Scientists are worried that the separation could cause further instability on the Brunt Ice Shelf.
AN ICEBERG TWICE THE size of New York City will soon break off of Antarctica’s Brunt Ice Shelf.
Humans first established a presence on the ice shelf in 1955, but cracks growing across the shelf continue to widen, leading to a likely separation. A crack of particular concern for scientists is the Halloween crack. It first appeared in October 2016 and has continued to grow eastward, according to NASA.
Additionally, a rift in the ice shelf that had been stable for 35 years recently began growing northward as fast as 2.5 miles per year. When the rift grows to meet the crack, an area of ice 660 miles wide will break away from the shelf. Although it won’t be the largest iceberg to break away from Antarctica, it is likely to be the largest to break from the Brunt Ice Shelf since observations began there in 1915, NASA said.
Joe MacGregor, a glaciologist at NASA’s Goddard Space Flight Center, said that “it’s possible that the ice shelf will be destabilized,” and scientists are observing to see if the ice shelf will become unstable or trigger more changes.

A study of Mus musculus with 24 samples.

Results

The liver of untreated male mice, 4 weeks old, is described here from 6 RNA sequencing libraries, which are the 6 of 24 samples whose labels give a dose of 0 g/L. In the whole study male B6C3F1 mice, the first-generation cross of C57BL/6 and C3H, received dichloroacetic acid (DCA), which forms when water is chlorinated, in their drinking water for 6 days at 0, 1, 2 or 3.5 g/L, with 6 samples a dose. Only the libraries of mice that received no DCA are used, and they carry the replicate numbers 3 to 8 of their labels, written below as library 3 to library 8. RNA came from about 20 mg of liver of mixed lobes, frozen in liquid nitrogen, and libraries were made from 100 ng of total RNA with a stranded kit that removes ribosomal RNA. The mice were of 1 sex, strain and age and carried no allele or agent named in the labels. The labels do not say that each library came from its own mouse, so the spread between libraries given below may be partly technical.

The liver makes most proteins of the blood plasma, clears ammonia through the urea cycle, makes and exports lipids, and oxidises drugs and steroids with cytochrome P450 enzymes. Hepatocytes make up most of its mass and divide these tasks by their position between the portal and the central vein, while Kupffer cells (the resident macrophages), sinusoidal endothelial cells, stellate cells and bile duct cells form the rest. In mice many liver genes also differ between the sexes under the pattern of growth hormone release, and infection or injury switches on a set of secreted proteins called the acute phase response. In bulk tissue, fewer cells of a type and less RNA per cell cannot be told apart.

The potential break has prompted concerns over safety for people working on the shelf, including researchers at the British Antarctic Survey’s Halley Station. According to NASA, this area is a “major base for Earth, atmospheric and space science.” It is open year-round, but has closed twice recently because of unpredictable changes in the ice.
Calving, when an iceberg splits apart, is a normal part of an ice shelf’s life cycle, NASA said. While the Brunt Ice Shelf has been evolving since 1915, the changes have accelerated in the part several years.
Chris Shuman, a NASA glaciologist, said that researchers aren’t certain about what drives shelves’ “periods of advance and retreat through calving,” but the separation of the iceberg “suggests that more instability is possible.”